Current location: Apartment, San Juan Del Sur, Nicaragua


Price of beer in a bar: US$1.85/liter
Song currently stuck in my head: Is This Thing On? (!!!)


We don’t drink the water in San Juan Del Sur, though we often do. We buy 5 gallon bottles of drinking water every 2 or 3 days and use these when we want to drink a cold glass of water. If we’re heating the water (coffee, boiling food, etc), we use tap. We also use tap to brush our teeth and wash our dishes. I’m not sure why, but this appears to be the norm. We occasionally notice minerals in the water after we’ve boiled it, though this hasn’t happened in a long time. The girlfriend frets about a lack of calcium in her diet but eschews the seemingly calcium rich water. Kidney stones are a common problem throughout the region. I think the water was worse (“harder”, I think would be the appropriate term) in Esteli, but we never used bottled water there.

In Utila, the local water was brackish; even the “city” water. You shower in it but no one cooks with it or serves it or ice made with it and you try to keep your mouth shut in the shower. We had to buy a lot more bottled water there, but mostly because the oppressive heat wrung it out of us as quickly as we could put it in.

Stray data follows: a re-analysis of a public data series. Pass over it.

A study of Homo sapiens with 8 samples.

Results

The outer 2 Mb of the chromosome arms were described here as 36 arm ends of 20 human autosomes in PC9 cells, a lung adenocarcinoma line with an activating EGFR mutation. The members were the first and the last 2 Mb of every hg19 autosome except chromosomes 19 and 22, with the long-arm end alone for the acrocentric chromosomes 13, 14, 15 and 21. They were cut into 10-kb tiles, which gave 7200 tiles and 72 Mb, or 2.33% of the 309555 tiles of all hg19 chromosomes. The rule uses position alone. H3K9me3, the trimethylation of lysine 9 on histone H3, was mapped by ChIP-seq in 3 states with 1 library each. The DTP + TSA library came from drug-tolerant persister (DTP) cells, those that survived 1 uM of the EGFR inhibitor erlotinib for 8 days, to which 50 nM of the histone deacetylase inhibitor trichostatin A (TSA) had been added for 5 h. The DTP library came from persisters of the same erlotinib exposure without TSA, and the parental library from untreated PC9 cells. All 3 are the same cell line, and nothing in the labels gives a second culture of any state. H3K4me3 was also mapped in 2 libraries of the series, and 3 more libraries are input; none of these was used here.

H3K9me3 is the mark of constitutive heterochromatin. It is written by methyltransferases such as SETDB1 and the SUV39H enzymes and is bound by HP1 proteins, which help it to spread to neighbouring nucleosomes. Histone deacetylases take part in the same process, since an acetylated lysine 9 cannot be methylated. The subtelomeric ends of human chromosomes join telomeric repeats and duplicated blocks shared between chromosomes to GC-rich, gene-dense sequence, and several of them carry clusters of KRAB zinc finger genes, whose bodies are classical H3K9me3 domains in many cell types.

Placencia city water is fine.

For the last several days in San Juan Del Sur we’ve been largely without city water. An occasional trickle would show up and disappear, a cruel tease of a shower might develop for 30 minutes… that kind of thing. Many of the buildings here have cisterns; big tanks of city water on their roofs used as reserves. We do not and the sudden and massive influx of vacationers for New Years was more than the city water system could support. After the flow gradually slowed and the short outages steadily grew over the days surrounding Christmas, things finally came to a practical standstill. Apparently many of them left yesterday because we suddenly have water again; full stream, glorious, life giving water. I took my first useful shower in about 3 or 4 days yesterday.

I trust everyone had a good New Year’s Eve. We hit a couple of local bars and took in a firework show on the beach. The local tradition is to burn a scarecrow-like figure stuffed with firecrackers, the “old year”, in effigy at midnight. Eat your hear out, Logan’s Run.